Libby Purves (The Times 27/6/2016
As the culturati weep into their lattes while demonising the poor, old and insecure, the carry-on has been beyond parody
It has been a particularly grim couple of days for a soft-left newsaholic like me with a tenderness for the arts world. To quote one performing artist’s tweet — “Ashamed. Terrified. Shocked. Horrified”. Indeed: but it was not the actual vote that shocked, life having taught me that democracy has rough patches. It was the online squawk of reaction by my timeline, my tribe: cultural icons, colleagues, friends. If they feel “let down, betrayed, distressed” by the result, so did I by the mass response of the liberal media and arts sector to this vote against a 43-year-old administrative arrangement.
These are directors, actors, critics, cultural titans, intelligent lefties. Yet the carry-on was beyond parody: anguished bunker-mentality tinged with patronising, generalising hauteur about those who voted Leave. There had been nonsense from that general direction in the days before, alarm calls like panicked parakeets about how Brexit meant turning your back on Beethoven, Picasso and foreign cooking. This reached its apogee with the telly critic AA Gill decrying fuddy-duddy Britain as opposed to “the Renaissance, the rococo, the Romantics, the impressionists, gothic, baroque, neoclassicism, realism, expressionism, futurism, fauvism, cubism, dada, surrealism, postmodernism and kitsch”. He concluded that the only people thinking of Brexit were “old, philistine scared gits” (Mr Gill is 62 tomorrow. There’s a lot of down-wid-da- kidzery in all this).
On Friday an endlessly repeated Financial Times contribution mourned “the lost opportunities, friendships, marriages and experiences we will be denied”, as if nobody ever had a foreign friend before Directive 2004/38/EC. Some were just upset: “In shock . . . the blackest of news . . . spent most of yesterday crying, couldn’t get out of bed” . . . “In a hotel room watching this s**t I feel very alone, Texting people I love telling them we’ll be OK” . . . “Angry and betrayed”.
The model Alexa Chung was one of many who tweeted a broken-heart emoji; JK Rowling mourned, “I don’t think I’ve ever wanted magic more”. Jim Al-Khalili, fine science communicator, sniffed, “Presumably as an immigrant I should hand my job back to whoever it is I took it from. A victory for xenophobia.”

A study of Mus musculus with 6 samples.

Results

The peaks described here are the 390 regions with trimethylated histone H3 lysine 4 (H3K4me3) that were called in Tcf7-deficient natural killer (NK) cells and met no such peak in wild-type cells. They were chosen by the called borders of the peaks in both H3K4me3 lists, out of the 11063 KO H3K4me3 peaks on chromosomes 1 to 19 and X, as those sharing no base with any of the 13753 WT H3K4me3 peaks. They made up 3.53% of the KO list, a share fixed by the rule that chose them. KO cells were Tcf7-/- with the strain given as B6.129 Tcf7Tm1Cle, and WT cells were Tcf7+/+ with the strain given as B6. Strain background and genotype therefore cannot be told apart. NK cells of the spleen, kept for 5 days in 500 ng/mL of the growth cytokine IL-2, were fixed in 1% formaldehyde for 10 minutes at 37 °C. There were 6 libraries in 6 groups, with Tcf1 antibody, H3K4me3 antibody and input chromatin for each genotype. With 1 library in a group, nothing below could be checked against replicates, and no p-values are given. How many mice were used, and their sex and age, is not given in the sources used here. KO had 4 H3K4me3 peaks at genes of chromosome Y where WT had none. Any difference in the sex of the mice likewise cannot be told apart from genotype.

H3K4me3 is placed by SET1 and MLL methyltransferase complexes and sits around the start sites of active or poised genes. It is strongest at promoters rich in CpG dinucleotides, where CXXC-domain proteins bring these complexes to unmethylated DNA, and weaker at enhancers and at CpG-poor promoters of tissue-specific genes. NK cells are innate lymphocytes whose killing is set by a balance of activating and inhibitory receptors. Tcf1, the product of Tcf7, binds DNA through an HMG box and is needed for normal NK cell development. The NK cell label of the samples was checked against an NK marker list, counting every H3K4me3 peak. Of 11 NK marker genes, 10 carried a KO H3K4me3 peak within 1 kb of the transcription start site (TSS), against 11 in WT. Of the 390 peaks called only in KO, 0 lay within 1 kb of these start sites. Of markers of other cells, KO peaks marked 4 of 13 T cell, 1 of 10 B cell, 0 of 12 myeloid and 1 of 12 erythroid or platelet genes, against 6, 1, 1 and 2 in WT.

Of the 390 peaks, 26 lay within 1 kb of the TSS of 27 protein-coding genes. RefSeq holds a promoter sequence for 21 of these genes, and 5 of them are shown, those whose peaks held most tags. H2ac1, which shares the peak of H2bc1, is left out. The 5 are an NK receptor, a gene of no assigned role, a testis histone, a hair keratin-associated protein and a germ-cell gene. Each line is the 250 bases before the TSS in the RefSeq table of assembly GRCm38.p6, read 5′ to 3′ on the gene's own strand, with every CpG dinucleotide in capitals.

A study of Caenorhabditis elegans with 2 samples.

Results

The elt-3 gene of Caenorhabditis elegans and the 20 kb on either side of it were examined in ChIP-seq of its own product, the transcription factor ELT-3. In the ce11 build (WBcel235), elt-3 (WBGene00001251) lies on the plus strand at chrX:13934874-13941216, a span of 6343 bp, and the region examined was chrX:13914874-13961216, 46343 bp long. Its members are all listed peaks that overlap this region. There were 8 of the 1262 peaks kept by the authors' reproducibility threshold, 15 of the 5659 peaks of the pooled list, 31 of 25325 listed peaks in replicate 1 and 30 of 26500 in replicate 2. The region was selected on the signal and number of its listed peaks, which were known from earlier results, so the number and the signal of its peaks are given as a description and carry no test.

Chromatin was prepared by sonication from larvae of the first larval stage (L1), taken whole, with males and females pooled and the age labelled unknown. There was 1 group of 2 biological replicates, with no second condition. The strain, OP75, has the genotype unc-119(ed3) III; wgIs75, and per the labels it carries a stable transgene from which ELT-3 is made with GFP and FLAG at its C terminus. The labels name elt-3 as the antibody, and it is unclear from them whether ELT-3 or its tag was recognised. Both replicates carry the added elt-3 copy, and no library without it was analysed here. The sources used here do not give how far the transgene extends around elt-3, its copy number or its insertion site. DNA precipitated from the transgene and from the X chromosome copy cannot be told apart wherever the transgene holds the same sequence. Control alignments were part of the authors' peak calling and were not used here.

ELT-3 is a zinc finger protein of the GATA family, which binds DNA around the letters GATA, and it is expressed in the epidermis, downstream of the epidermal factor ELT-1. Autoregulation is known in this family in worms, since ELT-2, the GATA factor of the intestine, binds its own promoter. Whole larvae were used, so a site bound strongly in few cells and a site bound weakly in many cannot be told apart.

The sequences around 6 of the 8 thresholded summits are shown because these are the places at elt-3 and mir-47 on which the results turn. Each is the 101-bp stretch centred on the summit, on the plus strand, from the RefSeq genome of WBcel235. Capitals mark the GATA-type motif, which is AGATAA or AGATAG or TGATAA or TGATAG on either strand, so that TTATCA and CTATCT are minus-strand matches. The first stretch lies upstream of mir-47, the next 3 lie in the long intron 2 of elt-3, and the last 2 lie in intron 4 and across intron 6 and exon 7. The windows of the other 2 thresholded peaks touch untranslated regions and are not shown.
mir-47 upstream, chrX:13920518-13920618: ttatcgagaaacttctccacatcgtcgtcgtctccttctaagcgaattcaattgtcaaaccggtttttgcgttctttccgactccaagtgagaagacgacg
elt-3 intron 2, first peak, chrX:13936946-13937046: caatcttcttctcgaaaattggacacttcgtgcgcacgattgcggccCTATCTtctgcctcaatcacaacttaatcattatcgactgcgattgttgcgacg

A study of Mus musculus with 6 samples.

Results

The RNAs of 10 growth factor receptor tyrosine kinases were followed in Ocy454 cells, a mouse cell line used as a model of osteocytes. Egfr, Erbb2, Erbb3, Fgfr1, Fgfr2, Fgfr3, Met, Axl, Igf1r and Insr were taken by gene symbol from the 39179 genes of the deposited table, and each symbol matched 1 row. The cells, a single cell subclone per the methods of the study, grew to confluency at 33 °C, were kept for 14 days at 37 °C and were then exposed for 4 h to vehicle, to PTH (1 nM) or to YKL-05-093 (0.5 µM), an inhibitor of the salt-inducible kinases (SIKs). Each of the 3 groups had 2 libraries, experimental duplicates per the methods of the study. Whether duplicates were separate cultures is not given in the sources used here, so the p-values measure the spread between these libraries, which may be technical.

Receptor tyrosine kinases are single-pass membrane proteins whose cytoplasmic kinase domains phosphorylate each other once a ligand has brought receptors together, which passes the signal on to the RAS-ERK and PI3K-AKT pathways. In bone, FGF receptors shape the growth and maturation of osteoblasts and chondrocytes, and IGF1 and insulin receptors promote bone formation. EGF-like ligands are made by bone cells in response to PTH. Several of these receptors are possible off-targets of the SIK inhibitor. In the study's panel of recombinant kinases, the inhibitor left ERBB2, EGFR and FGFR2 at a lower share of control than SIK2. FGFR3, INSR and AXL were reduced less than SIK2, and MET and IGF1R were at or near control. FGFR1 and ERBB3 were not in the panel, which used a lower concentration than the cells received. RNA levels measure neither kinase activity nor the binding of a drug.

So shock and sadness turned to blame. “Will find it hard today — walking up the street knowing over half of people responsible for causing a load of misery” . . . “How about every person who voted Leave be required to find a European & apologise to their face?”. The tremendous director Rupert Goold “can’t live with . . . the ugly face of this country’s spite”. Mini-celebs piled in: Richard Bacon with “So chippy. So economically illiterate”, though the renta-presenter might not be one’s economist of choice. Actually, plenty of the righteous tweeters seem vague on economics: one mid-rant expressing surprise that the governor of the Bank of England sounded “American”. Clearly not a keen business-page reader. Many re-tweeted the same few racist posters, as if BNP viciousness was brand new.
Many of these are people whose work is admirable or brilliant, and who mean well, yet elitism erupted like a poisoned boil. Of all the culturati the only sharp pre-vote voice was our Richard Morrison: “The arts world prides itself on its diversity, inclusivity, open-mindedness and constant efforts to reach out to all. Yet at the very moment when Britain decides its future, hardly anyone in the arts seems to understand, let alone agree with, the opinion of at least half the population.” Dramatists, novelists, comedians and songwriters are rarely celebrated for reflecting the concerns of the hidden millions rather than mocking. Once we had Orwell and Priestley: now, it is almost comic to watch the affluent metropolitan left being cross with the zero-hours strugglers of Sunderland for disrespecting the instructions of a Tory PM and big business.
Fair enough to despise politicians: Laurie Penny howls at “angry-looking whey-faced men in suits”, and they would be equally free to retaliate about Instagrammed cappuccino-chicks who couldn’t run a whelk stall. Bashing Farage, Johnson, Gove and Duncan Smith is routine politics. The really shameful thing is for those who purport to be socialist humanitarians to demonise 17½ million people: patronising them as stupidly “deceived”, or writing them off as racist, bigoted, malicious or just old: what Penny calls “the frightened, parochial lizard-brain of Britain”. Thank God for Peter Tatchell, a grown-up, swimming against the tide with: “The left must listen to Brexit supporters & their concerns. Very wrong to dismiss them all as racists & xenophophobes”.
Right on, Peter. They too have hearts and needs and fears and families, and at least they turned out, more than at any election for 24 years. Note that only 35 per cent of the 18 to 24-year-olds now being soppily mourned as “disinherited” even voted. Of under-35s it was still only 58 per cent. If youth was betrayed, as the indignant claim, they helped to do it. Straw polling at Glastonbury revealed that affording £232 a head doesn’t necessarily mean bothering to book a postal vote.
Respect voters, channel Chesterton: “Smile at us, pay us, pass us; but do not quite forget/For we are the people of England, that never have spoken yet”. OK, they may have spoken wrong and plunged us into difficulties. But it is not fair to blame them more than the arrogant, incompetent Brussels institutions and the decades when governments neglected inequality. Of course, there is racism to be fought. Yes, there was some disgusting campaigning by Farage. Yet that is no excuse for polishing your liberal credentials by making bogeymen of the poor, the old, the frightened and the insecure. They voted. Listen, engage, help.